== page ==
Schuyler likely worked on personal, political, and military business from this room, perhaps from a round-about chair like the one on display, designed for writing [read about the green round-about chair]. You will see evidence of the canal system he worked to build as founder and president of the Northern and Western Inland Lock and Navigation Company; his map
making as New York State Surveyor; his business affairs as manager of a 20,000 acre industrial estate in Saratoga County; and his military career where he served first during the French and Indian War under the command of John Bradstreet, and then during the American Revolution as Major General under the command of George Washington. Throughout, and even after his military service, Philip Schuyler was operating a "Cabinet Noir" and spy network out of Albany. He was writing encoded letters, reading the majority of mail that was sent through Albany, and had agents, including some masquerading as Loyalists, who would report back to him with sensitive information, which was used to gain advantage in several battles throughout the Revolution. [Philip wasn't the only Schuyler interested in military intelligence; read about Angelica and women's military activity]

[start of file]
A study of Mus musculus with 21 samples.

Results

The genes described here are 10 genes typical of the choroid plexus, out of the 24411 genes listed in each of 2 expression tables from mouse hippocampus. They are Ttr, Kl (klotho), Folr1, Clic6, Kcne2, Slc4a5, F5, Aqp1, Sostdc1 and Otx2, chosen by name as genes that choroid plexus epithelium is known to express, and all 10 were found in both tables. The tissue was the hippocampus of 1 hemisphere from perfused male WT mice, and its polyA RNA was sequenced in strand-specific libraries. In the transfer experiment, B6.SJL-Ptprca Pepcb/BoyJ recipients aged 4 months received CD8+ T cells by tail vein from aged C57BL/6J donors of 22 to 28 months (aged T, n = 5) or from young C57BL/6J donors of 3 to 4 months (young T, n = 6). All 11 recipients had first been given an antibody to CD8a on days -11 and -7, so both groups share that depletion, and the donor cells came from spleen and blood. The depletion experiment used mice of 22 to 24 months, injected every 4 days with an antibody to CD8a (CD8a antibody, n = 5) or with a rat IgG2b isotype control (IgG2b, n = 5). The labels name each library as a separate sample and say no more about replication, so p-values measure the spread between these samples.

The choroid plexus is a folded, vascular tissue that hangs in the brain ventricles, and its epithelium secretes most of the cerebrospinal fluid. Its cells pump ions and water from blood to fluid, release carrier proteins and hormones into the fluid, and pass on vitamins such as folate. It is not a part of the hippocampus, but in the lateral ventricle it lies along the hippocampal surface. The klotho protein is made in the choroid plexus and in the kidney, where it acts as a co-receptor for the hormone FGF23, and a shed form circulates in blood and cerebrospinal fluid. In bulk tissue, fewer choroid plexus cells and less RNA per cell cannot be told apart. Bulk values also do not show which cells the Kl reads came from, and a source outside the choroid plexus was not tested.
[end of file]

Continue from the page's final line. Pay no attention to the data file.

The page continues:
A page from a 1780 letter from John Jay to Philip
Schuyler requesting Schuyler "send me a Plan and
Explanation of the Cypher you once shewed me at
Rhynebeck", referring to a Vigenère cypher which
used head slave Prince's name to encode letters.
Though the Library was a private study, Philip occasionally invited guests, including John Jay and Benjamin Franklin, into this space for conversation, study, or to view his papers, all the while attended by servants bound to the family. [Read about Lewis, Schuyler's coachman who served Benjamin Franklin on one such visit] Alexander Hamilton used Philip’s library to study for his bar exams beginning in 1782. A young Aaron Burr also received such an invitation after establishing his law firm in Albany. Conversations in the library could continue well into the night, with the enslaved bringing in regular refreshments and tending to the candles as the evening wore on with discussions of politics, military affairs, business, or horticulture.